Big Little Lies’ second season may be built on a lie told to director Andrea Arnold.

Meryl Streep in HBO’s Big Little Lies.
Meryl Streep in HBO’s Big Little Lies.
Jennifer Clasen/HBO
Alex Abad-Santos is a senior correspondent who explains what society obsesses over, from Marvel and movies to fitness and skin care. He came to Vox in 2014. Prior to that, he worked at the Atlantic.

The biggest mystery of Big Little Lies’ second season isn’t a murder — it’s whether the uneven set of episodes would have fared any better had the season’s credited director, acclaimed filmmaker Andrea Arnold, actually gotten her vision on the air.

According to a report from IndieWire, HBO, Big Little Lies showrunner David E. Kelley, and season one director Jean-Marc Vallée ultimately took creative control away from Arnold, editing her work to more closely mirror the style and tone of the first season — with mixed results.

“The goal was to unify the visual style of Season 1 and 2. In other words, after all the episodes had been shot, take Arnold’s work and make it look and feel like the familiar style Vallée brought to the hit first season, which won eight of the 16 Emmys it was nominated for in 2017, including Outstanding Limited Series,” IndieWire reported. “According to sources close to the executive producers, it had always been the plan, although unbeknownst to Arnold, for Vallée to become re-involved in the show last fall.”

This account paints Vallée and Kelley as having told Arnold a very big, not-at-all-little lie about how much of her work would actually appear on-screen as she intended. IndieWire explains that Arnold was given full rein on set but was never informed of how much of her work would be tinkered with to fit into Vallée’s vision. Arnold and Vallée reportedly never spoke, and Arnold never got to submit her cut of an episode without Vallée’s edits.

Making matters worse for the production is that Arnold and Vallée each have distinct visual styles. “Arnold’s ability to create emotional immediacy with her raw handheld work marked a departure from Vallée’s more ponderous floating camera emphasizing the gravity of the situation,” IndieWire explained. Any attempt by Vallée to bring Arnold’s style more in line with his own was doomed from the start.

IndieWire cited anonymous sources close to the production, but many of the details bear out in the show itself. Adding credence to this report is that Big Little Lies’ second season episodes involve so many editors — the first season credited only five. Here are two screenshots from the opening credits (taken from season two, episode four) showing the names of 12 different editors who worked on a single hour-long episode:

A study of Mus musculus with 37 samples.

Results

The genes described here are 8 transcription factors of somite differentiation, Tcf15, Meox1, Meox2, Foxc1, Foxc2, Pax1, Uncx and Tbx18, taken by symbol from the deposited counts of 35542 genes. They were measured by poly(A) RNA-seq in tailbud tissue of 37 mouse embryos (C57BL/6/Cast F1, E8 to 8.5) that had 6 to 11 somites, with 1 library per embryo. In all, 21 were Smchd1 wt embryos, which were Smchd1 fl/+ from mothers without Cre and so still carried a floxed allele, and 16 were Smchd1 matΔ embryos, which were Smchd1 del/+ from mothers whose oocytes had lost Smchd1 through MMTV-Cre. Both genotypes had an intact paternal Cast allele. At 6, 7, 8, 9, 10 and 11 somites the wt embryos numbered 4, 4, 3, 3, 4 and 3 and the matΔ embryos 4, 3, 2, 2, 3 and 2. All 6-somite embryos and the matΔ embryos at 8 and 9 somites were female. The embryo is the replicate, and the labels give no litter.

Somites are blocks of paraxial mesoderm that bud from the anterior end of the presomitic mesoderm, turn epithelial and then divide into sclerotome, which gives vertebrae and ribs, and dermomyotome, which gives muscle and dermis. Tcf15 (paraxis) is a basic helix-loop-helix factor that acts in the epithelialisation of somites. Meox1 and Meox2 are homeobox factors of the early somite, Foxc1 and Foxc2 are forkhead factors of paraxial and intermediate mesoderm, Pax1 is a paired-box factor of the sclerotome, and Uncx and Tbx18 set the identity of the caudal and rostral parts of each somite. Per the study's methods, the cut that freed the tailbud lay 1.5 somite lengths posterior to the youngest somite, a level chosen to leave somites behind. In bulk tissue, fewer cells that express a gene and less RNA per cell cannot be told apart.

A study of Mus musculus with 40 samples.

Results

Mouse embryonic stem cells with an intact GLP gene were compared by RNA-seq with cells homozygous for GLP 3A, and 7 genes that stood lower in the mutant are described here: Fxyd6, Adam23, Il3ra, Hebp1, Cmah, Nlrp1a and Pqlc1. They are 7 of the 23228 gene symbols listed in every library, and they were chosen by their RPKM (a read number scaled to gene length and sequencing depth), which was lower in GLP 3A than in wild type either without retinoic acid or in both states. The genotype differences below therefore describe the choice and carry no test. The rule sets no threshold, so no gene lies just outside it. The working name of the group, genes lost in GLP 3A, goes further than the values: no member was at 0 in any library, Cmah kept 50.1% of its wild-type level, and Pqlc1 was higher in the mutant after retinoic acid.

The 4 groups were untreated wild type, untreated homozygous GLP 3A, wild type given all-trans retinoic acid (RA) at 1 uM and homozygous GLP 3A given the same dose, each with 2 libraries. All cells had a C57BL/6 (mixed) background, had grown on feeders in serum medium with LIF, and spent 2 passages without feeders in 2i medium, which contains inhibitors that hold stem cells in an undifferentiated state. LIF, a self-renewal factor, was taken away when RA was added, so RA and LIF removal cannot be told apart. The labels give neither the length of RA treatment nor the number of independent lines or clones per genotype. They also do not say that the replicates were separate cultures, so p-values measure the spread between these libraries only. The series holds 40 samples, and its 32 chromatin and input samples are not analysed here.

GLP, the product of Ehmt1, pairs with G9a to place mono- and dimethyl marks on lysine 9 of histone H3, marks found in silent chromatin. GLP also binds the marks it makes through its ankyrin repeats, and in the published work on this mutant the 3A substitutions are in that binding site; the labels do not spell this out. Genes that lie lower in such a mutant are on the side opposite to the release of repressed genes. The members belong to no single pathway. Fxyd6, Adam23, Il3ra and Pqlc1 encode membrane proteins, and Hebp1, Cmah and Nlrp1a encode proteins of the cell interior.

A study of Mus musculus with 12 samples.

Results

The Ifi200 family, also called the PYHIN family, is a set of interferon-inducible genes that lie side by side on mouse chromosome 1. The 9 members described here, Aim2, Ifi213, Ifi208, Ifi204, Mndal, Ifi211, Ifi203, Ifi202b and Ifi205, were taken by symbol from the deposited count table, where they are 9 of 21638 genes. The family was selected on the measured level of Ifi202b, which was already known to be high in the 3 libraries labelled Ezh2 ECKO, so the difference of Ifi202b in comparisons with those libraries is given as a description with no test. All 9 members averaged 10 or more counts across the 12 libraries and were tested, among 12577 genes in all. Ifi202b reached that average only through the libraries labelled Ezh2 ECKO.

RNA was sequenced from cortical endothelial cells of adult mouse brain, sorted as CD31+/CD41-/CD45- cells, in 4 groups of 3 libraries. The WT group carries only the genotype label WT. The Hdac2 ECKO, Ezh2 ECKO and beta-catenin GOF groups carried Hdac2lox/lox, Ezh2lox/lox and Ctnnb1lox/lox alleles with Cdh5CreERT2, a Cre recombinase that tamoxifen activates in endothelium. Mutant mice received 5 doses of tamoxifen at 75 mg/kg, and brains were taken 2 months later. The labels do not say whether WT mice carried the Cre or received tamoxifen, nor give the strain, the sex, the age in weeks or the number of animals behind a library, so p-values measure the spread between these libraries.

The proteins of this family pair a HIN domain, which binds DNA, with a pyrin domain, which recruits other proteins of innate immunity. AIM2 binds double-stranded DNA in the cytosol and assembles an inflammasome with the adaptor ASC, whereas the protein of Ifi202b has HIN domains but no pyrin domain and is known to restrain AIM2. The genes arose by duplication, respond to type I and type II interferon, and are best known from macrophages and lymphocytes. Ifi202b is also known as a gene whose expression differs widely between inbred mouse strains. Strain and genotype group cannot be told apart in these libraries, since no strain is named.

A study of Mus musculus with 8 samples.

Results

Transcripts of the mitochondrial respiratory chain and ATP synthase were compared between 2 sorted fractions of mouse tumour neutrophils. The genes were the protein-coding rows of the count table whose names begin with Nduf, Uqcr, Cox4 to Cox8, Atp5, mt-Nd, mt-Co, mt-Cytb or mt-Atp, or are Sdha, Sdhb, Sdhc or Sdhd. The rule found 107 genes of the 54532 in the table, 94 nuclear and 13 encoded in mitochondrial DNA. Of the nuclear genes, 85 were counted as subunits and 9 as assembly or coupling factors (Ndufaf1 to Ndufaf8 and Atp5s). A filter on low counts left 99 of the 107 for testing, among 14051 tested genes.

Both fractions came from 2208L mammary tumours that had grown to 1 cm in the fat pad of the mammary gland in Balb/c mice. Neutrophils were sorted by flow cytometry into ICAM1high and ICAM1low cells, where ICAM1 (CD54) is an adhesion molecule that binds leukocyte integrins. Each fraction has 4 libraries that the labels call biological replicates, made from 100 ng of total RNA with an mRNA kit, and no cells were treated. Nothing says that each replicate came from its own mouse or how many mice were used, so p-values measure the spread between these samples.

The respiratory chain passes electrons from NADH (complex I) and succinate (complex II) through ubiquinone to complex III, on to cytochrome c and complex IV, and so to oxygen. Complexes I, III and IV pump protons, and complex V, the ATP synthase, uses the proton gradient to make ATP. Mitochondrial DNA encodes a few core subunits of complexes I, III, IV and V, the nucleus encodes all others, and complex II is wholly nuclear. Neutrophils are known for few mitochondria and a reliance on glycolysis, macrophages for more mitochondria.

Big Little Lies editors.
Big Little Lies editors part II.

This report drops toward the end of what some reviewers, including me, have found to be a middling return for the series, whose first season aired in 2017 as a seven-episode miniseries adaptation of Lianne Moriarty’s novel.

Initially the current season’s critical reviews lauded performances, but a common refrain was that it felt very different from season one. I’ve found that, although the season started on a strong note, the show has since become a little disjointed, its story feeling perhaps even unnecessary. Season two has overall been lighter in tone and a bit more interested in allowing its star actresses some standout, meme-worthy moments, like Renata’s outbursts and Celeste slapping Mary Louise, rather than telling a cohesive story.

IndieWire connects that disjointedness to how Arnold’s version of the project was altered in editing without her involvement. Though, to be sure, a second season of Big Little Lies without the source material of Moriarty’s novel (season one followed the novel to its conclusion), never seemed like a great idea to begin with.

Regardless of whether one loves or hates this season, there’s something uncomfortably hollow knowing that a story promoted by HBO to be about the power of women, starring some of the most talented and powerful actresses in the game (who have been promoting how important the show is because it is about women), and directed by someone as lauded and respected as Arnold, was all built on taking away a woman’s creative freedom — by two men, no less.